Author: Seomul Evans
The best people to help teenagers who are depressed are the parents, even though this is a very difficult task for them. Below are some tips which will help you to be able to recognize the symptoms of teenage depression and know what to do.
It is natural for teenagers to suffer from moods, but not when these start to affect their daily lives. Chronic anxiety is a different thing from moodiness. It is not normal to panic over small problems. Teenagers may not communicate well with parents at this stage and therefore don't tell them about their fears. This problem can lead to depression.
It is the parents who can help their teens through this time of change. It is better to support them through this than to cope with the pain of helping them recover their mental health.
Teenagers feel lots of pressure: parental pressure to do well at school, pressure of multiple activities, from school and so on. They also frequently don't perform up to their own or others' expectations and this leads to low self esteem.
Teenagers therefore need to be reassured that success takes time and practice, and it's OK to fall short of expectations, because it's all part of learning.
It will help to build up your teens' self esteem if you show them respect and appreciation. Allow them to develop at their own pace and don't place expectations on them which are too high. This includes family responsibilities.
Discuss relevant issues with your child, such as career choice, choices with regard to smoking, sex or drugs, friendship issues, peer pressure and so on. Clear boundaries are also important.
Ensure that you are available to discuss issues with your child even if you are tired. Do not intrude on their personal space, but be there if they need you. It is also important that you set good examples for your teens when it comes to matters such as dealing with stress and managing your own life. Allow your teen to feel free to discuss feelings with you, and listen patiently. Often all it takes to defeat depression is to have someone listen as you tell them about your emotions. As they talk be sure not to make fun of them or be aggressive towards them.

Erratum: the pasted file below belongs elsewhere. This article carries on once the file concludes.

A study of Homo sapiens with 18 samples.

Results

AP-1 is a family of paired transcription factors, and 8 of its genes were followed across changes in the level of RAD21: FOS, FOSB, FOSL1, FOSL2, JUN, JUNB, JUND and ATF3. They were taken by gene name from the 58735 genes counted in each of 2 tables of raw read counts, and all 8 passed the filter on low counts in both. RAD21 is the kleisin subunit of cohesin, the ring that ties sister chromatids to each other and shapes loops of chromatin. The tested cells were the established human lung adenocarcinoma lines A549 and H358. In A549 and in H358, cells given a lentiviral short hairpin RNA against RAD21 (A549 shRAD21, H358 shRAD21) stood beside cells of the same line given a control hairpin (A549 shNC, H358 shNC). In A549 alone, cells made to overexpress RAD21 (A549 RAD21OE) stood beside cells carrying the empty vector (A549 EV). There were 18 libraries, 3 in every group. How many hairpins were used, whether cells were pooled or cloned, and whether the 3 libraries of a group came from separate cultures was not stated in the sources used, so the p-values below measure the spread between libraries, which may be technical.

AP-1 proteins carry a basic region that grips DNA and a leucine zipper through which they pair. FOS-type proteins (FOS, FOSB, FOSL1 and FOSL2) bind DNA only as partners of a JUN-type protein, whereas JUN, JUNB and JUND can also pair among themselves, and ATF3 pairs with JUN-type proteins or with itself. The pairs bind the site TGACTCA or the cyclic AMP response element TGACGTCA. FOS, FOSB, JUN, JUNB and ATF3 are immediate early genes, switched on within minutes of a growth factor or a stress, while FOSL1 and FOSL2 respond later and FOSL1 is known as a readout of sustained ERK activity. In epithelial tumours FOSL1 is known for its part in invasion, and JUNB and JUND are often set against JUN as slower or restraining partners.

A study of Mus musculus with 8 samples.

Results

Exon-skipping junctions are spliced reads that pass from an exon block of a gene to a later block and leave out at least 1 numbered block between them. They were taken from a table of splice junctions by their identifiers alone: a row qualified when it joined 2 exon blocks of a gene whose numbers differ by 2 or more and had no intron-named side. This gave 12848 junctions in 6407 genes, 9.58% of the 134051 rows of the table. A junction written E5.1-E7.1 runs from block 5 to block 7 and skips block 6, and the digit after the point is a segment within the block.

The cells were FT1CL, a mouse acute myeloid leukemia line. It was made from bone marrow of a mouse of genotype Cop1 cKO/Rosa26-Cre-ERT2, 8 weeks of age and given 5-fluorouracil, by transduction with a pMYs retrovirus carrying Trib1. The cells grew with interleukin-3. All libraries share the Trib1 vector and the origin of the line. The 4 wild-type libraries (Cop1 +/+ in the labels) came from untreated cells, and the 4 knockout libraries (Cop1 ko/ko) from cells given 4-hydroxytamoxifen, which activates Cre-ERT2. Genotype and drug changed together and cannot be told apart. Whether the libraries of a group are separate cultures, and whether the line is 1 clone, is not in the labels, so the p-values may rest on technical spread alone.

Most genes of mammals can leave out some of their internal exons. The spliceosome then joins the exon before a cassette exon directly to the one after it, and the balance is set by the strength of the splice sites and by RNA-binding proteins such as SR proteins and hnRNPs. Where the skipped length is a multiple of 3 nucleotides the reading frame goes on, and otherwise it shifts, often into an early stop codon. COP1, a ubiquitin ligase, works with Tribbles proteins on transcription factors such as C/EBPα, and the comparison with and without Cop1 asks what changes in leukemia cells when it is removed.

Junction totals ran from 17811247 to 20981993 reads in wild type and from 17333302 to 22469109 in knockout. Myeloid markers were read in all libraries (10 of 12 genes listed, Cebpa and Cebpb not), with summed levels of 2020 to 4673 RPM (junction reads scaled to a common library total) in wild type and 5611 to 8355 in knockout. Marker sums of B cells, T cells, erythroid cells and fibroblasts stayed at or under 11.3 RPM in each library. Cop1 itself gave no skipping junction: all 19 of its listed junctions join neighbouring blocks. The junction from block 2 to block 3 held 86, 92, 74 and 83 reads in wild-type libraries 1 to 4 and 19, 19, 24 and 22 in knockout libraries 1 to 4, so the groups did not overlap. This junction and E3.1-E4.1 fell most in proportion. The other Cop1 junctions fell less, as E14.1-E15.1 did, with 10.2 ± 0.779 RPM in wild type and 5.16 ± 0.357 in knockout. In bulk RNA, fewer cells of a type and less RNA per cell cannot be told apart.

Teenagers suffering depression are often withdrawn, showing signs of sadness and shyness. Some, however, react to depression by displaying difficult behavior at school and at home, or their school grades or attendance may drop.
Other emotional signs of the depressed teen are showing hatred or anger towards their family. Sometimes they feel that nobody cares or understands, and this makes them want to withdraw from other people. It is important, therefore, that you show them that you are concerned and that you love them.
Self destructive behavior is also typical of depressed teenagers, who may talk about death and suicide. Parents need to take these signs seriously and seek help right away. Do not be afraid to discuss these notions of self harm with your child. Avoid sarcasm and criticism when you discuss issues with your teen, who may see these as signs of rejection.
Other symptoms of teenage depression include feeling worthless, difficulty becoming involved in fun activities, carelessness with regard to daily routine tasks, excessive worrying, difficulty concentrating and making decisions.
In order to treat the depression you need to know the cause. Watch what is happening and see what happens that could be the cause and which you can fix by yourself. Most causes of depression can be corrected within the family, before there is need for a psychiatrist.
The next step is psychotherapy or cognitive behavior therapy, and this can be quite daunting. Relaxation and meditation can also help. Teenagers may be happy confiding in a mentor or life coach. In severe cases anti-depressants may be necessary.